Fórsa is planning to provide face masks directly to its members working in schools where local management has failed to provide them.
The union’s head of education, Andy Pike, said it was not Fórsa’s responsibility to provide SNAs secretaries and caretakers with PPE, but delays in a number of schools had forced the union’s hand.
“Given the serious situation with provision of PPE, Fórsa is developing plans to provide these masks directly to members who cannot access them in their own school. We have to do all we can to ensure members can work as safely as possible,” he said.
In a bulletin circulated to schools staff this week, Andy said the union was stepping up efforts to ensure every member who cannot maintain two metres of social distance has a basic medical face mask.
Last week, Fórsa and other unions representing school-based staff achieved significant, though insufficient, reassurances on measures to protect school students and staff in a recently-established forum involving representatives of the education department, the HSE, and its public health experts.
The union said that the HSE had agreed to review the use of face coverings for all age groups in primary schools, and to step up public health supports to schools, with a commitment that new regional public health teams would provide risk assessments within 24 hours if a school notified a case or suspected case of Covid-19.
The union’s head of education, Andy Pike, said a new awareness campaign, targeted at students and parents, was to be rolled out over the next few weeks. And the HSE has also agreed to a union request for improved weekly data on the number of Covid-19 tests conducted in schools, tests carried out on school-age children in the community, and adult cases detected in schools.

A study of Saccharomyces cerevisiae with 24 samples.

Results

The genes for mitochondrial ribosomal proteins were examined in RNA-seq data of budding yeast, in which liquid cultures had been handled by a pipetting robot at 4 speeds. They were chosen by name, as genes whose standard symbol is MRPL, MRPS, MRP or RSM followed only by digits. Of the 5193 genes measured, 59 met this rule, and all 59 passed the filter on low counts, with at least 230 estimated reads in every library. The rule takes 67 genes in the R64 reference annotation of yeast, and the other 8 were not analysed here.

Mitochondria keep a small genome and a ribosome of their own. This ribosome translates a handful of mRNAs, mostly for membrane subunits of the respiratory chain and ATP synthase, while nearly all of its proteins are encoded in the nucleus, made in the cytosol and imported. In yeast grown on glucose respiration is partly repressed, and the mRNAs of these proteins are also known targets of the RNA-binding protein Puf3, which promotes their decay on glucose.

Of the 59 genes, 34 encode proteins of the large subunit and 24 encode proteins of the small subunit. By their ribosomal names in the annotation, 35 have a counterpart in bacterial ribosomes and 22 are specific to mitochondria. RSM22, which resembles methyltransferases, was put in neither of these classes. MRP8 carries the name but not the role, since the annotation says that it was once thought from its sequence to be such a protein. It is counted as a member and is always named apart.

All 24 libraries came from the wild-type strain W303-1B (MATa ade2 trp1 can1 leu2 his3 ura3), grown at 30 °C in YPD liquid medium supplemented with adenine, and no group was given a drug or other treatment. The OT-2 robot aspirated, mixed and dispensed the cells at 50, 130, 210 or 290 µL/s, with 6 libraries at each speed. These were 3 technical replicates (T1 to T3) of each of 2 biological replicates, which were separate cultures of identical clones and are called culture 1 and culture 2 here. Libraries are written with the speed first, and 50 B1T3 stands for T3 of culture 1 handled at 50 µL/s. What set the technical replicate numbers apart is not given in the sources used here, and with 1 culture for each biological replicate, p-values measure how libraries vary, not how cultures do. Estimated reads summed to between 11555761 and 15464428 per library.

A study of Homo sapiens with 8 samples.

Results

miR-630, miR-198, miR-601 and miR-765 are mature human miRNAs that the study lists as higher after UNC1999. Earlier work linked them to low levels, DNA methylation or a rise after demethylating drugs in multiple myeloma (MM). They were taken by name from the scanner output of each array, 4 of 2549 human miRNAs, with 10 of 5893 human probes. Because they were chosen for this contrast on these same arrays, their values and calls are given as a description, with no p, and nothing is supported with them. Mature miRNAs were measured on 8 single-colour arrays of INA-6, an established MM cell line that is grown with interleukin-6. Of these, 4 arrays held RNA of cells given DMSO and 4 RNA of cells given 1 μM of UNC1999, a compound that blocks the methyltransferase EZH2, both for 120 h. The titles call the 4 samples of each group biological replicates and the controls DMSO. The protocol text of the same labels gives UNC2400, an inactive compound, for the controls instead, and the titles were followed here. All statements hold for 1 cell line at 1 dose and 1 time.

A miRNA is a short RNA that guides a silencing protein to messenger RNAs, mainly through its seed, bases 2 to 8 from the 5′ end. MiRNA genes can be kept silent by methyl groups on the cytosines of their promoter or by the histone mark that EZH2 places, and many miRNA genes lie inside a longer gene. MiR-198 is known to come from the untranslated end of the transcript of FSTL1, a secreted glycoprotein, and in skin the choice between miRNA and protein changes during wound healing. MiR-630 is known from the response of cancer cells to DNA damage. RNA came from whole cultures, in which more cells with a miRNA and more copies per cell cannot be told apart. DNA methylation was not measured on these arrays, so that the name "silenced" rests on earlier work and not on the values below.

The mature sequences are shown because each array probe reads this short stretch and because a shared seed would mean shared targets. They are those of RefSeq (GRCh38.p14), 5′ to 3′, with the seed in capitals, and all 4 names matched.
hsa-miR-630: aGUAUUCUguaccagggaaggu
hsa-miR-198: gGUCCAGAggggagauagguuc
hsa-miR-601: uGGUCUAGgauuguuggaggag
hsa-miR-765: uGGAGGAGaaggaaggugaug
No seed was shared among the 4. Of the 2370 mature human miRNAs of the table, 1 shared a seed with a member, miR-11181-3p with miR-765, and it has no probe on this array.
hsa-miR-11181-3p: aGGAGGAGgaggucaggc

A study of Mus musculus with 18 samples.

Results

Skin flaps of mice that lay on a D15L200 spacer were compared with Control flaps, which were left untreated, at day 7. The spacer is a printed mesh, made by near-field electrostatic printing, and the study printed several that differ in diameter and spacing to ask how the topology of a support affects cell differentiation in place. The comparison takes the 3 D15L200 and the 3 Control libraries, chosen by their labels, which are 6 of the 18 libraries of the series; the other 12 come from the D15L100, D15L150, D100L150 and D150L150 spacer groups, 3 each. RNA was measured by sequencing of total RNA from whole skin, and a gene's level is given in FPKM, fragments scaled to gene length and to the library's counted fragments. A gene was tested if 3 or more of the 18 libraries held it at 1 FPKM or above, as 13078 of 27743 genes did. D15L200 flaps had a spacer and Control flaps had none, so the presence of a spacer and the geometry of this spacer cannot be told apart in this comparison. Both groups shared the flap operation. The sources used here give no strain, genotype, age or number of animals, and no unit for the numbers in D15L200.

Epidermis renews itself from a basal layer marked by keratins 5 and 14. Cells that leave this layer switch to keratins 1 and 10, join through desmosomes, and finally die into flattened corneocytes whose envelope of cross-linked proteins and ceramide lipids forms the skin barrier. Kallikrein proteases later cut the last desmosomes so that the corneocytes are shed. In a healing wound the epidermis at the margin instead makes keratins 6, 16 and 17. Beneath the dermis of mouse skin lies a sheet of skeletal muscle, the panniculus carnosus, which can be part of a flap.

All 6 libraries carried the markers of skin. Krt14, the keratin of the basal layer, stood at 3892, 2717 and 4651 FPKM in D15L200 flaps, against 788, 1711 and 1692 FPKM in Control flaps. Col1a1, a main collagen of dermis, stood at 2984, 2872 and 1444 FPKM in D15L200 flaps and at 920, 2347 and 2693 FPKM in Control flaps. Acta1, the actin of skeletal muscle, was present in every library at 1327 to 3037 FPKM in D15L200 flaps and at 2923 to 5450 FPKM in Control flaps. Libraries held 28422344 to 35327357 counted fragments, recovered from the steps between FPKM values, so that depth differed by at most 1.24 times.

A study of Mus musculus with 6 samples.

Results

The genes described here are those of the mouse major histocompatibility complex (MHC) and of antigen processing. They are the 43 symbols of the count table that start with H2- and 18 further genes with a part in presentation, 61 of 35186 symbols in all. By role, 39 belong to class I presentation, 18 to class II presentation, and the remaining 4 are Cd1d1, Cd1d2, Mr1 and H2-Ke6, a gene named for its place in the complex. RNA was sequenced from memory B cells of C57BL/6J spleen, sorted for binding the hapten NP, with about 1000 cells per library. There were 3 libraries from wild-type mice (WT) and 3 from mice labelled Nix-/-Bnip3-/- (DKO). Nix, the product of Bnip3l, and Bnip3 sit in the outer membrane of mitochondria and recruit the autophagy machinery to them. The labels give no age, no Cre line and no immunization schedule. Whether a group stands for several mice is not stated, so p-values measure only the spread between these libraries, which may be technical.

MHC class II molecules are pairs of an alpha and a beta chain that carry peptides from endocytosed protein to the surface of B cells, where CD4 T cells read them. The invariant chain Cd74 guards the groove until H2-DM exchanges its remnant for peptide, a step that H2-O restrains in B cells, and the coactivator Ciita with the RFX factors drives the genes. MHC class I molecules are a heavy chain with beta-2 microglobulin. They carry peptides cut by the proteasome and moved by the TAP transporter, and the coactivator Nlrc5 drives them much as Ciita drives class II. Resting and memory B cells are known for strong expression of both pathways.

“We remain unhappy with the level of information staff have on potential cases. While we recognise that there are genuine confidentiality issues, Fórsa insists that the provision of information to protect health should have equal importance. We will be continuing discussions with the HSE and the Department of Education and Skills,” he said.
Andy said Fórsa and other unions would also continue to raise issues of social distancing and the need for adequate protection, including PPE, for high-risk staff.
He said the union had requested that lead worker safety representatives be consulted as part of the public health risk assessment.
“We are now meeting weekly with the HSE and education department. This is a step forward as we are now discussing these important issues directly with the public health experts and departmental officials. Some significant progress has been made over the last
week or so, but a number of understandable concerns voiced by SNAs, secretaries and caretakers, who returned to work this week, have yet to be adequately addressed,” he said.
He said Fórsa is advising all members who think there is a suspected Covid case in their class, or close working environment, to seek advice from their GP who can arrange testing free of charge: “If you are worried that the HSE risk assessment has not considered the risk to you personally, then please speak to your GP who will assess the situation and can refer you for testing if this is indicated,” he said.